I’m feeling pretty blue right now, as this is a difficult letter to write.
You see, I’m going to have to end our eight-year relationship as I no longer believe that I can trust you.
While I’m not one of the millions who had fraudulent accounts opened in their name by your minions at Wells Fargo, I can’t condone or accept the practices you and your senior management seemed all too eager to promote.
C.S. Lewis is quoted as saying: “Integrity is doing the right thing, even when no one is watching.” It seems that you’ve been doing the wrong thing, and just hoped you wouldn’t be seen and get caught.
So much for your integrity. And Wells Fargo’s.
In one Senate hearing, Sen. Elizabeth Warren, D-Mass., said that you made millions of dollars in the “scam,” telling you, “You should resign … and you should be criminally investigated.” “It’s gutless leadership,” she said, noting that you are not resigning, willingly returning any of your earnings or firing any senior executives. “Wells Fargo wasn’t cross-selling. Failing to notify these customers about these sham accounts, this isn’t cross-selling, this is fraud,” Senator Pat Toomey (R-Pennsylvania) said.
To add to fuel to the fire, on September 29th, Rep. Carolyn Maloney (D-NY) accused you of using insider information about the phony accounts to cash in $13 million worth of your own shares before knowledge of the fraudulent activity became public. Maloney said the timing of that trade raised questions of whether you put yourself ahead of customers who had been defrauded, and ahead of the bank in general. Of course, you denied that you had done anything wrong. You said he sold stock with proper approvals and claimed the sales were made “with no view about what was going on.”
Yeah, right. Forgive me if I find it difficult to believe you.
Sadly, John, there appear to be even more deceitful practices coming to light. The U.S. Labor Department is investigating possible abuses of employees by Wells Fargo in connection with the scandal. What’s even more disturbing to me, as veteran, is that Wells Fargo is now facing a Justice Department sanction over improperly repossessing cars owned by members of the military.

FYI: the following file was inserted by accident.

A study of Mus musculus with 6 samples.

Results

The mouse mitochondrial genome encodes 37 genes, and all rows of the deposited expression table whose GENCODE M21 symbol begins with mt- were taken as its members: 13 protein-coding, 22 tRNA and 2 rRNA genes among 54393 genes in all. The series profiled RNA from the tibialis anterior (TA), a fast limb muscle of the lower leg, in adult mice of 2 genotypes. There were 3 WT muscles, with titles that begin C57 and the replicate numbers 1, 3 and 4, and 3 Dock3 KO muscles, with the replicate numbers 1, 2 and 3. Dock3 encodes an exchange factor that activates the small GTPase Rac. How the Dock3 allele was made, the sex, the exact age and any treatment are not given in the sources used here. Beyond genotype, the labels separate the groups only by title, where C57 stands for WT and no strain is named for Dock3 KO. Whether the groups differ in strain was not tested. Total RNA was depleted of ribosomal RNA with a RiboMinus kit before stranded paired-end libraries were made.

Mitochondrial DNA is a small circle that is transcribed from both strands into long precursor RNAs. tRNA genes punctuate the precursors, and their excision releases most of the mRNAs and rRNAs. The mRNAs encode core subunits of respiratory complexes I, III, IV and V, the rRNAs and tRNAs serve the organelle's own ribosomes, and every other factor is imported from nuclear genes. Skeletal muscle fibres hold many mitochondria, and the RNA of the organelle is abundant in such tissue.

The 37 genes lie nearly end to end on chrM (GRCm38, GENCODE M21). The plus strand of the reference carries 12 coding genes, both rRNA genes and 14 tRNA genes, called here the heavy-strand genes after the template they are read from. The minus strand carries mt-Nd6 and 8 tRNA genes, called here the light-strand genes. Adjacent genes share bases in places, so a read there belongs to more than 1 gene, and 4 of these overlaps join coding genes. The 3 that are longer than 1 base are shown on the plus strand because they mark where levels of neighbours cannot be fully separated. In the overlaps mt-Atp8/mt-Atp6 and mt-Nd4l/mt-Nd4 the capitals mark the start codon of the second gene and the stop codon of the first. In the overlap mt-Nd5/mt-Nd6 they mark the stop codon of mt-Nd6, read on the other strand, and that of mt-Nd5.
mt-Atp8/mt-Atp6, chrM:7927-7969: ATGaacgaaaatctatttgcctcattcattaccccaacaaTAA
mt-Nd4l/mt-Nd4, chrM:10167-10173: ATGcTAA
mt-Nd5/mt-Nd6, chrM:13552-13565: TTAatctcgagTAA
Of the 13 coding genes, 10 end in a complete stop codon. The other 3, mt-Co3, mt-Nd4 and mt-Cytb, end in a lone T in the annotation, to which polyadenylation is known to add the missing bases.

John Chiang, Treasurer for the state of California expressed my own feelings when he wrote in a letter to you and the bank’s board members, saying: “How can I continue to entrust the public’s money to an organization which has shown such little regard for the legions of Californians who placed their financial well-being in its care?” Chiang then suspended many of its ties with your Wells Fargo for at least a year. Included in the suspension are its most highly profitable business relationships with the state. These cover the lucrative business of underwriting certain California municipal bonds, investments in Wells Fargo securities, and the bank’s broker-dealer work to purchase investments on the treasurer’s behalf.
That’ll hurt a bit. As it should.
Warren Buffett has said that: “It takes 20 years to build a reputation and five minutes to ruin it.” You’ve done a good job of it, John. Your focus on short term success will probably have a long-term price. Of course, I should mention that I’m also upset with Warren. He’s been notably silent on this issue. Maybe it’s because he’s a big investor in Wells Fargo. Or perhaps he really does not believe in one of his oft-quoted statements about hiring based on integrity.
Sigh. So I’m a bit sad, and unhappy.
You and the Wells Fargo team are probably hoping to weather this storm with little damage. You’ll take whatever medicine you’re given and move on. And the recently announced “clawback” of $41 million in company stock won’t hurt you too much personally. After all, your retirement payout is pegged at $134 million. Glad to see that you’ve taken care of yourself, John. It helps explain in part why you pay your D.C. lobbyists millions to educate our politicians on how banking should be done. Your way.
Well, I get that. So I’m going to do the only thing I can do.
I’ll be ending our relationship. I’m moving on to a credit union, where I can place my trust as a member/owner. I can also expect to be treated with a little more respect. It’s a small thing. And it won’t make a blip on your profit/loss radar. But for me, it’s about putting my money into an organization I can trust to do the right thing. And that’s not Wells Fargo.
P.S. to readers. From a marketing standpoint, Wells Fargo has made a mockery of the fiduciary vision and values it has long embraced. As a result, it’s alienated many and will (hopefully) pay a hefty price for its failures. This should be a reminder to anyone in business that operating with integrity, honesty, and transparency should be your ultimate goal.